Is your info part of 700M accounts posted for sale to the Dark Web?

If you are associated with a well-known brand, you are more likely to be a target of a scam. Whether it’s phishing or hacking or another malicious act, bad actors know that the biggest companies will yield more opportunities for mischief.

LinkedIn boasts hundreds of millions of users, so it’s no surprise that this mammoth online employment service gets targeted. In fact, LinkedIn made the top 10 list of most targeted companies for phishing attacks. Tap or click here for tips to avoid being targeted yourself.

A recent data leak consisting of the personal information of 700 million LinkedIn users has been put up for sale. Read on for details and a response from LinkedIn.

Here’s the backstory

On June 22, 2021, a user on a hacker forum advertised that they are selling the data of 700 million LinkedIn users, online security firm RestorePrivacy reported. A sample of 1 million was posted.

The information included names, email addresses, contact information, personal and professional background, gender, social media account information, location and addresses. As of now, login and financial information were not included in the leak.

With 756 million total users, this leak affects nearly 93% of them. RestorePrivacy asserts that the information is accurate and up to date according to its research into the matter.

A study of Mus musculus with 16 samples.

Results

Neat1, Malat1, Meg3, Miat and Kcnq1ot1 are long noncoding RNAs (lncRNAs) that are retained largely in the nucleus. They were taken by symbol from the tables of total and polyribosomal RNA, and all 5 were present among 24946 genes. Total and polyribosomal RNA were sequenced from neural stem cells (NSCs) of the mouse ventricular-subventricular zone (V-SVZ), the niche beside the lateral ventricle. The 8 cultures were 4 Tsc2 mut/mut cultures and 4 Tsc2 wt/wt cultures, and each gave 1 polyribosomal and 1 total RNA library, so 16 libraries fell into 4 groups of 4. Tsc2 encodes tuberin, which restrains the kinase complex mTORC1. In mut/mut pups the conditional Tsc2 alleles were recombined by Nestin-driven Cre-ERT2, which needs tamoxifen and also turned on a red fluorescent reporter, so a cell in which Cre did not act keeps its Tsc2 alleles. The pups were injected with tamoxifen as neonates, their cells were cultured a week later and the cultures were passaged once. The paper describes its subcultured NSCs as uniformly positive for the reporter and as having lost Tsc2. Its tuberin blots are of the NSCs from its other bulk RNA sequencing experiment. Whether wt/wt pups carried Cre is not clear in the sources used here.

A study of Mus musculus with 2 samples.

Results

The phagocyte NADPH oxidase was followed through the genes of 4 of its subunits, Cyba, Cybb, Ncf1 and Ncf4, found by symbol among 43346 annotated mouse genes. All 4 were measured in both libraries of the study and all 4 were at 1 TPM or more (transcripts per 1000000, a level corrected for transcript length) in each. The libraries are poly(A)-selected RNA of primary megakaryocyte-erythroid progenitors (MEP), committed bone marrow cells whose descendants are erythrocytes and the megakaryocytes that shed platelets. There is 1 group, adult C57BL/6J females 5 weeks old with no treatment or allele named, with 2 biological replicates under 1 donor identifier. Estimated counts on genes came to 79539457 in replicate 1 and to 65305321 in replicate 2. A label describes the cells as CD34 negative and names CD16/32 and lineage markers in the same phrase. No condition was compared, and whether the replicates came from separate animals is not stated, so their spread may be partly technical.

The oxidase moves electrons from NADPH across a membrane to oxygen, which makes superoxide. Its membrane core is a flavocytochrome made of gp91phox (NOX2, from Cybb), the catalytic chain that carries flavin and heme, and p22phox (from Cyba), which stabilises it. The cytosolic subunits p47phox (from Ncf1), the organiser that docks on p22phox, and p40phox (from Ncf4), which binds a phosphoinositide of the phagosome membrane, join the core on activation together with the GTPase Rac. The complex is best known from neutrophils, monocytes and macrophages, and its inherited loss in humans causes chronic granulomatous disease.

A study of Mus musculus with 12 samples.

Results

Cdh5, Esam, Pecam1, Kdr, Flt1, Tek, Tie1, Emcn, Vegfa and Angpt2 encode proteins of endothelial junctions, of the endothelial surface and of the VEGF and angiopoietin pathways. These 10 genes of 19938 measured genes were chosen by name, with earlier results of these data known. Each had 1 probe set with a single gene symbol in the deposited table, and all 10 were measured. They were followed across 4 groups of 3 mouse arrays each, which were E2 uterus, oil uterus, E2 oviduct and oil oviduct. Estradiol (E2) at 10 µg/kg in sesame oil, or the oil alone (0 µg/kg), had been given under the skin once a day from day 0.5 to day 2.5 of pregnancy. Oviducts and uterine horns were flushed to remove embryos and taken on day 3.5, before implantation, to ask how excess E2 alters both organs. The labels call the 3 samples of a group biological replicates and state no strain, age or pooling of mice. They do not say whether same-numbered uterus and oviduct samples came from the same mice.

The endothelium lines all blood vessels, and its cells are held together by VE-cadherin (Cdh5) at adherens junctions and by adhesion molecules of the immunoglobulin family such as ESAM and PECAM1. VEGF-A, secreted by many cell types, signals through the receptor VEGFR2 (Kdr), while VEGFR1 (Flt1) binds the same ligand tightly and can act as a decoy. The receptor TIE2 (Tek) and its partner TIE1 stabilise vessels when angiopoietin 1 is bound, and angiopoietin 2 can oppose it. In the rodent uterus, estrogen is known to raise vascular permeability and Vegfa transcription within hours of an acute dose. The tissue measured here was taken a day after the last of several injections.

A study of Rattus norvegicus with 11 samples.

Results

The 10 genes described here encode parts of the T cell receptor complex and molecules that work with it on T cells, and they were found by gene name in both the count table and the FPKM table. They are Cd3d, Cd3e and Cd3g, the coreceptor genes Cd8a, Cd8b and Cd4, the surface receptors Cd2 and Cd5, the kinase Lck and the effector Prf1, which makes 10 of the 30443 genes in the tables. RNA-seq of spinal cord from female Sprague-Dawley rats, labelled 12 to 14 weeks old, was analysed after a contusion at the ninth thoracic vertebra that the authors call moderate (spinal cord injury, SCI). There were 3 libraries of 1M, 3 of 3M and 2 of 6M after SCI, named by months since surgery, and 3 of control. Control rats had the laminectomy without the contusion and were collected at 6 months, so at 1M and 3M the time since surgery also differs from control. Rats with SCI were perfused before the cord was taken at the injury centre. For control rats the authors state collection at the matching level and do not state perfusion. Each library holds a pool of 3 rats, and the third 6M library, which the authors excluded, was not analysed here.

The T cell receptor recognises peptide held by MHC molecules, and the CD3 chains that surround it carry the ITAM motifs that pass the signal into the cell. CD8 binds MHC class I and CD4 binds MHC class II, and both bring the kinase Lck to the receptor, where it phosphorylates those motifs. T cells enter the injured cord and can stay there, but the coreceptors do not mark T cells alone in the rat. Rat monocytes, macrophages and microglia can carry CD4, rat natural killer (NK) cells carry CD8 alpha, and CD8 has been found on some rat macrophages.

Not a data breach

LinkedIn posted a response: “We want to be clear that this is not a data breach and no private LinkedIn member data was exposed. Our initial investigation has found that this data was scraped from LinkedIn and other various websites.”

Tap or click here to check out LinkedIn’s list of the top 25 companies to work for in the U.S.

The hacker himself told the security company that he got the data from LinkedIn’s API, or application program interface. If the hacker could access the API, he could intercept the information users entered into the site.

What does this mean to you?

While private data and financial information weren’t part of this leak, it could lead to nefarious things. It appears the data being sold on the Dark Web was scraped from LinkedIn. That means someone took the time to gather all the public information on the site, put it in a database and decided to use it as a money grab.

To stay protected, keep an eye out for phishing emails where cybercriminals spoof LinkedIn, trying to get you to hand over sensitive information. The information gathered could also be used to try and steal your identity. So keep an eye on your credit report for any suspicious activity.

And remember, stay vigilant. Don’t open any links or attachments from suspicious or unfamiliar emails. If you get a message from a company you are familiar with, tread very carefully. Contact the company directly if you have any concerns.